This is how far this project goes for now. Twelve hours have past since the first commit.
And I prefer to freeze the concept instead of freezing the spirits by inducing my colleagues, friends and myself into a risky business of working with illegal material.
Luckily there is someone like Cory Doctorow, who rewrote 1984 for youngsters. He managed to get Little Brother published under a Creative Commons Non-commercial Share Alike, ready to remix.
So today I start a new project with a new repository: 1984:revisited.
But not without making a statement first.
To anyone who feels concerned, please read this note carefully before you proceed to action
Because I am an author based in Europe, where only 70 years after the death of the author there creations come into the public domain, I cannot work freely with George Orwell’s novel 1984. I tried to clear the rights before 4th April 2014, but I do admit I have underestimated the time it takes to do so.
Only in October 2013 I decided to get the idea going of ‘updating’ George Orwell’s novel by using git as a way to think through the question of surveillance, transparancy, control, data protection…. Only in February 2014 I started to look for the copyright holders, knowing that I wanted to launch this project on 4th April 2014. It took some time before I found the responsable and got hold of her. Then I was forwarded to another company, another person and for the moment, I am still waiting for an answer. So, as long as I don’t have a legal answer, I prefer to put this concept on hold.
Yes, I could move my workspace – virtual and physical – to Australia, Canada or India, where copyright expires 50 years after the death of the author. Or I could have postponed this project, but none of it felt right.
I prefer to take on this situation to make a statement, hoping to contribute in one way or another to a debate that might change the legal circumstances.
Don’t get me wrong: I love books and I love my publisher, De Bezige Bij Antwerpen, who dares taking risks on content level. But as an author and a maker I do not share the idea that the copying culture will kill the book industry, nor that working with an iconic copyrighted text makes me a pirate by definition.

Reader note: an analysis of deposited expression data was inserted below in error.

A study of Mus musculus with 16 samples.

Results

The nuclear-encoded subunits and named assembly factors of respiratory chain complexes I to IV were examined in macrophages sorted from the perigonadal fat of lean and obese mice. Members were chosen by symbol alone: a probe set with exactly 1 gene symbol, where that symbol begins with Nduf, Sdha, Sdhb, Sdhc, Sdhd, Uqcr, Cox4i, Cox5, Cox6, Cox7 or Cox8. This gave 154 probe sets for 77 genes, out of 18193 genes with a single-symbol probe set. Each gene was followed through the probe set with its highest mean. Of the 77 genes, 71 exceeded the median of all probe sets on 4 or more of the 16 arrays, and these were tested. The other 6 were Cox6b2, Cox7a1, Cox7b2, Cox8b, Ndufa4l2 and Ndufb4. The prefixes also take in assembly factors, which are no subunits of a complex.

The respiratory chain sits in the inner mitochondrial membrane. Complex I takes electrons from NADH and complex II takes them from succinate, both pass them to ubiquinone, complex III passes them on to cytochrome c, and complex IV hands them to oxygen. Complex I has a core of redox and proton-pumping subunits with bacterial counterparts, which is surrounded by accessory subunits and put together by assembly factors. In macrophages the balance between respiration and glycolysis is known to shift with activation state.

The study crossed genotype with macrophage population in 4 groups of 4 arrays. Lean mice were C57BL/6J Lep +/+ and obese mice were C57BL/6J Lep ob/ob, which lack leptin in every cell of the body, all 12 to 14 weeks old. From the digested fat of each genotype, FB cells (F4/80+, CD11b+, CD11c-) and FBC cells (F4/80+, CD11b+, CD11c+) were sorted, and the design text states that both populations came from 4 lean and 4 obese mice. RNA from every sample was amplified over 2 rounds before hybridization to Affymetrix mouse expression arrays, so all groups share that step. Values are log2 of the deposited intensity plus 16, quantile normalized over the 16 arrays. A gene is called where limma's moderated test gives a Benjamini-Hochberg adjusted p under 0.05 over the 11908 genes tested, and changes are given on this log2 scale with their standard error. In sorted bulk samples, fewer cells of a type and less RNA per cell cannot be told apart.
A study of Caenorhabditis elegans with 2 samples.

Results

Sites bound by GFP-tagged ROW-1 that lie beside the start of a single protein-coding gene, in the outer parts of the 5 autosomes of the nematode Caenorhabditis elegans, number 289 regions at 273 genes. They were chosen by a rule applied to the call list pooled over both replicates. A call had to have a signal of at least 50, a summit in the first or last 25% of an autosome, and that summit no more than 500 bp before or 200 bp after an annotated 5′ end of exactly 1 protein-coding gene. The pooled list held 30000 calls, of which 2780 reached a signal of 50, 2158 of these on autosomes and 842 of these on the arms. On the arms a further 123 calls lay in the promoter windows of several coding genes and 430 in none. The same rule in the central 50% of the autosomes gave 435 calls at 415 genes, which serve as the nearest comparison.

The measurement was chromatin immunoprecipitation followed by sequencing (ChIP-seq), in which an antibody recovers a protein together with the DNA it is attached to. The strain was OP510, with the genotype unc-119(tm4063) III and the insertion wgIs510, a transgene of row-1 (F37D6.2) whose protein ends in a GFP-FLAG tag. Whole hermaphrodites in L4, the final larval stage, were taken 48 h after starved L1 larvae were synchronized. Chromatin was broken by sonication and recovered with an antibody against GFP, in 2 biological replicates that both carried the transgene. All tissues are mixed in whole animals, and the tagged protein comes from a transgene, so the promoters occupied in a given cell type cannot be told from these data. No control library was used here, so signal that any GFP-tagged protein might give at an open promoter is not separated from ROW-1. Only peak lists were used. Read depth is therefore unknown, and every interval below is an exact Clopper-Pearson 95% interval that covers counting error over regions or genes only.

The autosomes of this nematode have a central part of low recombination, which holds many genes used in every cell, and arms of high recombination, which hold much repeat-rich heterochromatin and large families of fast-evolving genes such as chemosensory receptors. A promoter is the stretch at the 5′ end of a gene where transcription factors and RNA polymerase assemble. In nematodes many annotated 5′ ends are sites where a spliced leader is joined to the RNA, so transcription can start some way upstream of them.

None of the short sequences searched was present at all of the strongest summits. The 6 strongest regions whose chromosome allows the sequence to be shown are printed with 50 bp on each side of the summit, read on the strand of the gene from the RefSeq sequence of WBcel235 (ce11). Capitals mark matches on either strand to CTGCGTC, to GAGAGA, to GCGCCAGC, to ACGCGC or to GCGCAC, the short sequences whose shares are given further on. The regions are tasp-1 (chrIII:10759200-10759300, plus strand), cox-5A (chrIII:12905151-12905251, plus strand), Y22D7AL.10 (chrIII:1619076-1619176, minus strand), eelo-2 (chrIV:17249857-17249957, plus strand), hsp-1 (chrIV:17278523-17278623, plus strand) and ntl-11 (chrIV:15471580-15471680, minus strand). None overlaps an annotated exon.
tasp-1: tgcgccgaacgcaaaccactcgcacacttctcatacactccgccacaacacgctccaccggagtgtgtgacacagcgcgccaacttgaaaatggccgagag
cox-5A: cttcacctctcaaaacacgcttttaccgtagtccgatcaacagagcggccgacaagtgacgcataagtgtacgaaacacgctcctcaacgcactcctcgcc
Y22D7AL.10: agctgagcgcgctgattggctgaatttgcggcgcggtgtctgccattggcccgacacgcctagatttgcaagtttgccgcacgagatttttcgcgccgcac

So here I go:
“As long as we, the authors, are living, it is our right to get paid decently for the books we write. Writing is our work, it is what we love doing and will do, probably for the rest of our lives. Our main goal is to be able to find the time to work on the creation of new stories, even if it means having to live out of sync with the rest of the world.
Once a book is finished, we most probably start a new one.
It is very necessary that the people who take care of the final form of the book and its life thoughout this world, are being paid. If the book becomes a bestseller while we’re all alive, it is clear that the makers involved in the life of the book, get the royalties.
But there is something wrong with the organisation of the payment system as it is now. Paying for a paper book should not be the same as paying for an electronic book. They belong to different experiences, different practises, different uses. I can pass my paper copy onto my friend and she can read it freely, photocopy the entire book, and she can even scan it because she will have paid for it when buying the scanner (in Belgium Reprobel charges about 20% of copytax when you buy any scanner/photocopier). But I cannot use my electronic copy in its authentic form: as zeros and ones, destined to be read, changed, copied and pasted in our online networked lives.
And there is more: once we, the makers, have all died, why should there be still rights on using the text for new works? I would be happy to pay something like ‘archiving rights’ to make sure that my favourite classics are still available online and in physical libraries, but it does not feel right you would have to pass by my children or grand-children or even my great-grand-children in order to know whether you can use my texts for an artistic project, risking to get no for an answer, or having to pay a large amount of money that you don’t have.
The biggest honour for any author is being repeated, celebrated, cited, copied.”
Therefore I am violently happy to know a writer like Cory Doctorow. He is a hero: he is able to tackle these issues in his work, finds solutions, and his books sell very very well. Already in 2008 he published an ‘updated’ version of 1984, called Little Brother. He wrote it as a statement for teenagers, as an invitation to think, to discuss, to act. He managed to publish the electronic copy under a a Creative Commons Attribution-Noncommercial-ShareAlike license, which allows me to use it and write him a cheerful mail full of compliments to announce him I will be using his texts for my revisiting experiments in a new gitorious project called 1984:revisited.